Christmas has been and probably always will be the most widely-anticipated event of the year. However, even the most wonderful time of the year comes with its drawbacks— and its ironies. No matter what stage of treatment they’re at, the people in addiction recovery face certain aspects of the holiday season that pose problems and risks to their sobriety. Namely, the holiday season can potentially trigger a relapse. Here are just a few of the many contradictions surrounding Christmas that contribute to relapse rates over the holiday season:
Christmas is the Most Wonderful Time of the Year
…But it’s Also the Most Stressful
Stress and anxiety are two of the most harmful triggers in addiction recovery, and both reach an all-time high during the holiday season. For a season that’s supposed to represent peace and joy, Christmas is absolutely riddled with busy schedules, endless to-do lists, family conflicts, financial pressures and mass feeling of overwhelming exhaustion.
These pressures are enough of a challenge for people going about their everyday lives; a survey by the American Psychological Association (APA) found that, during Christmastime, almost half of the U.S. population cope with stress by engaging in unhealthy behaviors like overeating and binge drinking. For people recovering from substance addiction, this level of stress is more than enough to trigger a relapse.
Christmas Symbolizes Unity and Joy
…But it Also Breeds Feelings of Isolation and Loneliness
By now, it’s widely known that depressive feelings surge during the holiday season; probably as much as stress does. While it is true that Christmas is a time for families to gather from far and near to spend time together, ironically enough, this could be a factor in the annual rise of depression and feelings of isolation. After all, no one is exempt from some family drama. Being around family doesn’t always bring about happy feelings or memories. Additionally, people struggling to stay sober may find themselves in awkward situations that could easily trigger a relapse. Such circumstances could include coming into contact with family members who don’t support them or make them feel guilty or ashamed of their struggles. Without guidance from their support group, people in recovery are at increased risk of depression, feelings of isolation or exclusion, and subsequent relapse.
Christmas Embodies Hope for the Future
…But Haunts Us with the Past
The ghost of Christmas past doesn’t make an exception for anyone. Reflecting on the past has always been a favorite family pastime, but for those in addiction recovery, this can be harmful. In fact, thinking back on memories that are linked to past substance use is one of the easiest ways to trigger a relapse. It doesn’t matter if those memories bring out feelings of happiness, sadness, anger, guilt or shame. As long as those memories revolve around addiction, looking back on them might be enough to trigger unwanted cravings.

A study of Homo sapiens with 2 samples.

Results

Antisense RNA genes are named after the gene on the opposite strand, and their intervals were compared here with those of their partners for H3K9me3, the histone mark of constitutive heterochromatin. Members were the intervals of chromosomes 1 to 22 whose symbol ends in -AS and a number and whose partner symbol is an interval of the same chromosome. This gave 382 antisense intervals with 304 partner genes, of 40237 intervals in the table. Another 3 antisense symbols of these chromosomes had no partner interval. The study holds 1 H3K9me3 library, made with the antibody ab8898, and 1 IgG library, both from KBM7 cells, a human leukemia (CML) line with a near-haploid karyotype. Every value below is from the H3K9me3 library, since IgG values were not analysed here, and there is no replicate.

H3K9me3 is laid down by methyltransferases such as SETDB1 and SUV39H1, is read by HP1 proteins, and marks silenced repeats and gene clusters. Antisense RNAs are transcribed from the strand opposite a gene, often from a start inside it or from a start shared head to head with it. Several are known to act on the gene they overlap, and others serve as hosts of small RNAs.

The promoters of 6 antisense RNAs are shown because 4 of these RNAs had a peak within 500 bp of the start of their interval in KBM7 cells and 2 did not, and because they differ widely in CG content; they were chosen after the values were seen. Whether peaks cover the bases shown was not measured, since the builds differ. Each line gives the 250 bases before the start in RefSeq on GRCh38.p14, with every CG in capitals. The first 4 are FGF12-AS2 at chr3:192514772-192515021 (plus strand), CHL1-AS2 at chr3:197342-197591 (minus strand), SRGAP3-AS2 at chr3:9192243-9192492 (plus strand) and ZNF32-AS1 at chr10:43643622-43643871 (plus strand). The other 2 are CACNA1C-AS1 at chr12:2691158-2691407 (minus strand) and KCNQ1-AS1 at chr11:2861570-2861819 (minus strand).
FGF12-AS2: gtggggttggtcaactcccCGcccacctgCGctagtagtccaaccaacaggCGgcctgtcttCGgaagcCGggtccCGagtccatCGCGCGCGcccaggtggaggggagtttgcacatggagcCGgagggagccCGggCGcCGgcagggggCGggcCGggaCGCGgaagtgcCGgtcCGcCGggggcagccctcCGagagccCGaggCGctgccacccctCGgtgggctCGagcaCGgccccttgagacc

Christmas Can Incite Spikes in Substance Abuse
…But a Decrease in the Number of Addiction Treatment Admissions
One of the biggest reasons why Christmas is such a trigger-ridden holiday is because overindulgence is not only expected but encouraged during celebrations. People will eat more, drink more, and indulge more in poor habits that could eventually prove detrimental to their health. In fact, recorded instances of alcohol consumption increase drastically in December and also in the week leading up to the New Year.
This seasonal spike in alcohol consumption, in turn, contributes to the recorded increase in drunk driving incidents during the holidays. And yet, despite the significant increase in substance abuse in general, most people suffering from addiction refuse to seek help during the holidays. The same can be said for the people in recovery who are on the brink of relapse. Instead, the number of admissions into rehab facilities seem to only increase after the start of the New Year.
Christmas Inspires Us to Make Resolutions for the New Year
…But We Almost Never Follow Through on Them
Making resolutions for the New Year following Christmas is something that everyone does. Unfortunately, even the mildest resolutions don’t always come to fruition. Despite the many serious consequences, sometimes those who have not yet sought addiction treatment will put it off so that they can “still enjoy” the holiday festivities instead of focusing on rehab.
So, a lot of the time, the people who promise themselves and others that they’ll enter rehab for addiction treatment after January 1st are just making empty excuses for one last binge. The people who are serious about changing their lives don’t hang their willpower on a flimsy resolution; instead, they take action as soon as possible, even if it means Christmas falls by the wayside.
Avoid Relapsing During Christmas with Help from TTC Outpatient Services
People struggling with addiction struggle more around Christmas. With so many triggers at play, it’s not hard to imagine why. Thankfully, outpatient services can help them stay on the right track so as not to trigger a relapse. Whether you are in recovery already or thinking about entering rehab for the first time, the TTC Outpatient Services are always open 24/7 every day to help those in need— even on Christmas. For more information, please call (844) 211-7944. All calls are confidential.